The independent global media organization openDemocracy has issued a legal challenge against the UK government following its secretive £23 million deal with surveillance technology company Palantir.
The contract gives the controversial spy tech business ongoing access to NHS patient data; in a deal reached without public consultation or oversight. Describing its decision to sue, openDemocracy expressed severe concerns towards the UK government's long-term plans for NHS data.
"The government claimed the initial Palantir ‘datastore’ deal, signed last March, was a short-term, emergency response to the pandemic. But December's new, two-year contract reaches far beyond COVID: to Brexit, general business planning and much more.”
Sight beyond sight?
Facts uncovered by the Bureau of Investigative Journalism show that Palantir secured the NHS contract following years of backroom dealings. The evidence reveals that the CIA-backed company began attempting to woo the British government well before the pandemic; in the summer of 2019.
Naïve onlookers may suggest that Palantir (aptly named after the scrying stone used for divination in Lord of the Rings) saw into the future and understood its potential value in helping to run the NHS.
Critics will come to a more realistic conclusion; that Palantir and the government colluded to exploit the chaos caused by the pandemic to rush through a deal that creates revenue and surveillance opportunities from medical information said to be worth £10bn-a-year.
Worrying track record
That Palantir paved the road to its NHS contract by schmoozing government officials is only the tip of the iceberg. Palantir was founded by Peter Thiel – a Trump-backing Silicon Valley billionaire who once stated; "I no longer believe that freedom and democracy are compatible.”
Since then, the company has been marred by controversy. The company’s artificial intelligence previously powered US intelligence operations in Iraq and Afghanistan, and human rights activists have openly criticized its technology for causing discrimination and bias when used in ‘predictive’ police work. This is troubling because Palantir provides the tools used by US Immigration and Customs Enforcement to conduct deportation raids.
Savvy onlookers will also undoubtedly raise an eyebrow because of Palantir’s overwhelming need for lucrative new contracts. Palantir was previously highlighted as a company that investors should avoid because it "burns through piles of cash.” Thankfully for Palantir, and those invested in it, NHS patient data has now been drafted to prop up its questionable business.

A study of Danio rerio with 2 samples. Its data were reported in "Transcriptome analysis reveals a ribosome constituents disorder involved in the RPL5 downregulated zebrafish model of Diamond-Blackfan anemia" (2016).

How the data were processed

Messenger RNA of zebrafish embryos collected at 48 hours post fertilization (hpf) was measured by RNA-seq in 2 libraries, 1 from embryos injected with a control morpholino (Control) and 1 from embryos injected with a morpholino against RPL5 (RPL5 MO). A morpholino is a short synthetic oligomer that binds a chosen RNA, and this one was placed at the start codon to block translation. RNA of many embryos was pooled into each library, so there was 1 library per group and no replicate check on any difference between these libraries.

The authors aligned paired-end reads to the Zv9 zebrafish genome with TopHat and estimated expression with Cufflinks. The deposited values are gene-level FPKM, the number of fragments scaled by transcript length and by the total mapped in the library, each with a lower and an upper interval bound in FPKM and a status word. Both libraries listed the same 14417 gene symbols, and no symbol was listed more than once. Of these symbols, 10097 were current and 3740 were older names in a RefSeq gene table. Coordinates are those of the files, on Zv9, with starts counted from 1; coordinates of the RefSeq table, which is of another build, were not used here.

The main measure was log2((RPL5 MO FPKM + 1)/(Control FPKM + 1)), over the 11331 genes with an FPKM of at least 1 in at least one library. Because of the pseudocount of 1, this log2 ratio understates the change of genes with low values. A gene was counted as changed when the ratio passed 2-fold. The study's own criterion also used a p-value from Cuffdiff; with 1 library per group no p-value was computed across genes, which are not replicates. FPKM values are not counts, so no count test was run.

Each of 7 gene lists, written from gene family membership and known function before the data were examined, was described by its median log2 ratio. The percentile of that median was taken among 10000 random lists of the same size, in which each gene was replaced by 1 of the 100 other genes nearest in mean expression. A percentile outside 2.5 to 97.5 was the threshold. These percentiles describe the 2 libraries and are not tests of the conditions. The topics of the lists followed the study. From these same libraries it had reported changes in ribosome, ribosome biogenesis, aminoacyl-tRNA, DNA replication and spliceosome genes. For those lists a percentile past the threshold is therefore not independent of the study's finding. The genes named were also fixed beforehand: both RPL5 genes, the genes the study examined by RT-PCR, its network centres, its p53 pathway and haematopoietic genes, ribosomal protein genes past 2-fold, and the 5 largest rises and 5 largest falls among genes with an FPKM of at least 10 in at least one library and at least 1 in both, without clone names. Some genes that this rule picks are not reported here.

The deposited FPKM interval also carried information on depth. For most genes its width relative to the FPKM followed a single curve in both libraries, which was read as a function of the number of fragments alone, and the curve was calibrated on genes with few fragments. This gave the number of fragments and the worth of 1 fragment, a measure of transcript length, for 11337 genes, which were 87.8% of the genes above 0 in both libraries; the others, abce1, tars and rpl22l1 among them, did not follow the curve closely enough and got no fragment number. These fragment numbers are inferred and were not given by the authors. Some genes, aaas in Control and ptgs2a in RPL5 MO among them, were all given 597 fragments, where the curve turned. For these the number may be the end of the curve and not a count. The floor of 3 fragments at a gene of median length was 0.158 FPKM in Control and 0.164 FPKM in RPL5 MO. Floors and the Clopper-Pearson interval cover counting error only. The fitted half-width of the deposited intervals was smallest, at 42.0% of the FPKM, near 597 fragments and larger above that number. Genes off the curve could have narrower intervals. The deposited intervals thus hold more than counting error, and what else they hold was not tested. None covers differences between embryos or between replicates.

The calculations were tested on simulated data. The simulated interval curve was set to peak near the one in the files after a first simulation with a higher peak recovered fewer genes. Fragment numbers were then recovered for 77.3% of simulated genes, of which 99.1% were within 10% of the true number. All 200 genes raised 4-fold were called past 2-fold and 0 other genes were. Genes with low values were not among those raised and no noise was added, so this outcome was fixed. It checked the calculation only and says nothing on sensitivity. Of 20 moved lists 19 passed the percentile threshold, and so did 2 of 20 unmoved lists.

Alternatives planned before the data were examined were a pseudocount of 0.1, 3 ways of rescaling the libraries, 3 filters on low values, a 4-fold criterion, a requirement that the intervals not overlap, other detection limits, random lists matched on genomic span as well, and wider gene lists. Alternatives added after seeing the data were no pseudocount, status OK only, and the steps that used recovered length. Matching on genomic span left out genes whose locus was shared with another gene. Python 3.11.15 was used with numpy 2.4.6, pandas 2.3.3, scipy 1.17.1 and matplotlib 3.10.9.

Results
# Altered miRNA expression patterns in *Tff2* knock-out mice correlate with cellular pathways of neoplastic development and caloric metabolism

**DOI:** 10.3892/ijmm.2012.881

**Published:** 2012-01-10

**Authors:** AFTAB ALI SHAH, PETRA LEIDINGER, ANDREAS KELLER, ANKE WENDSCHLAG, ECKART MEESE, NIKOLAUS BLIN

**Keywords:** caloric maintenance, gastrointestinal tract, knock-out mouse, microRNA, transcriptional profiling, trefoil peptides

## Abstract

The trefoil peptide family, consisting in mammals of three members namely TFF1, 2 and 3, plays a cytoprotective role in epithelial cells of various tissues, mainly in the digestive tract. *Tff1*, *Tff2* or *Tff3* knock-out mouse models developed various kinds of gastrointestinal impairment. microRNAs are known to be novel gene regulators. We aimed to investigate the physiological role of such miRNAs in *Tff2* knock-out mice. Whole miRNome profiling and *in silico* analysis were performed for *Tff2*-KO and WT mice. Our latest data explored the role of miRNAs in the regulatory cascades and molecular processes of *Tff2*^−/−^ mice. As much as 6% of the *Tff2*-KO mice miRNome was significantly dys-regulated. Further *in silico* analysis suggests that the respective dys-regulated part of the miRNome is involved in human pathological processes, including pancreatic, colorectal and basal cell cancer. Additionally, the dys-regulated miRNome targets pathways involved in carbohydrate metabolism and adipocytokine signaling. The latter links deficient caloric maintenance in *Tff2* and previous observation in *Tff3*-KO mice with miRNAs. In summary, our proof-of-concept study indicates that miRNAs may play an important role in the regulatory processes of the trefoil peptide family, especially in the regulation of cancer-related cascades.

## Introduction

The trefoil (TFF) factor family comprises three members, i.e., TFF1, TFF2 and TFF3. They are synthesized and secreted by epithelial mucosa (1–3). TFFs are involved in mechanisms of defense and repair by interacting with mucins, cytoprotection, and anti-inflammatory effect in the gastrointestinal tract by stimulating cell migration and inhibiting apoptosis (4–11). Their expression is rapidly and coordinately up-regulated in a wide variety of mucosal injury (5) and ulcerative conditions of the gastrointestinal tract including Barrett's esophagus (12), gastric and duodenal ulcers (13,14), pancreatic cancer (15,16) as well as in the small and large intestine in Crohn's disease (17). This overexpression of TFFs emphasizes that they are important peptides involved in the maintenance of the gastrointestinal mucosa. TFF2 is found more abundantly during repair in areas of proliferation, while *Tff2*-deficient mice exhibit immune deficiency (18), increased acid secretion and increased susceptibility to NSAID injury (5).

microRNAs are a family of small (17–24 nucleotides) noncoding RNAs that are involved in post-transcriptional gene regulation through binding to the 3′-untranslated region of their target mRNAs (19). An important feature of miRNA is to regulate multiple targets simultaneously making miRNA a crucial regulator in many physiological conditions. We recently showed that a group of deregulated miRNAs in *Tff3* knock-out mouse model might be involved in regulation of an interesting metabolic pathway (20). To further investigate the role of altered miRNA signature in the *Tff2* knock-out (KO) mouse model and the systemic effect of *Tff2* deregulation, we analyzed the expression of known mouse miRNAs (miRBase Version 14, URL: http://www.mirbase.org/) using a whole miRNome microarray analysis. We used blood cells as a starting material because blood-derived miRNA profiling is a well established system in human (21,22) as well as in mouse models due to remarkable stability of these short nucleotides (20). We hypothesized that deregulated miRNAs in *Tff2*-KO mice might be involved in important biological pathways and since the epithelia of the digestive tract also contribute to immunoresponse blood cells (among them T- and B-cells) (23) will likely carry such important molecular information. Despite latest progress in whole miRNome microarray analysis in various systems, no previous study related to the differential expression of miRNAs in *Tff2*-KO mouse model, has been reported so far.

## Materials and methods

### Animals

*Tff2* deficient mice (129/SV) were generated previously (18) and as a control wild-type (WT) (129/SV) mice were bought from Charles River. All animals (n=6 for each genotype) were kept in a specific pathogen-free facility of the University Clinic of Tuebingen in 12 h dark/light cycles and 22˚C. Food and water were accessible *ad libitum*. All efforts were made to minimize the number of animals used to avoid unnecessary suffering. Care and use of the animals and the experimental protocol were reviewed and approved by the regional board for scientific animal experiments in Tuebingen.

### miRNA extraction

Why the big secret?
It seems important for a decent dose of scepticism whenever governments act without proper public consultation. openDemocracy feels that health secretary Matt Hancock and his advisers must have known that the deal "wouldn’t look good.” This begins to explain the secrecy surrounding the hush deal.
Kailash Chand, former deputy chair of the British Medical Association, has gone on the record to state that the loss of trust caused by the government's shady dealings will make it "difficult for people like me to convince ethnic minority people that this is being done in their best interests.”
According to the government, Palantir will help the NHS to address the issue of "vaccine hesitancy” among Black, Asian and migrant communities. One can’t help feeling Palantir isn't up to that job, due to the criticism it has received for developing technology that results in discriminatory feedback loops.
openDemocracy believes the problems facing the NHS are multifaceted and stretch further than just the Palantir deal:
"The future of the NHS is being written now, in the latest chapter of the pandemic. The government has put us on notice that sweeping changes to our health service are on the way. They present both opportunities and grave risks.”
To add insult to injury, it is impossible to know exactly what data is being amassed by Palantir. The government has redacted the list of health-data sources being leveraged, resulting in a total lack of transparency.
This is unconscionable considering the security and privacy ramifications involved with the collection and processing of medical data. And is exactly why such a contract should never have been granted without proper public consultation.
"If our legal challenge is successful, it’ll be an important step towards making sure our NHS health data can be used only in ways the public can trust. After a year of repeated ‘COVID cronyism’ scandals and massive failures – from Serco’s disastrous mishandling of ‘test and trace’ to last week’s ruling that Hancock acted unlawfully over PPE – it’s time for a different approach.”
Anybody who wishes to support openDemocracy's legal challenge can do so by donating here.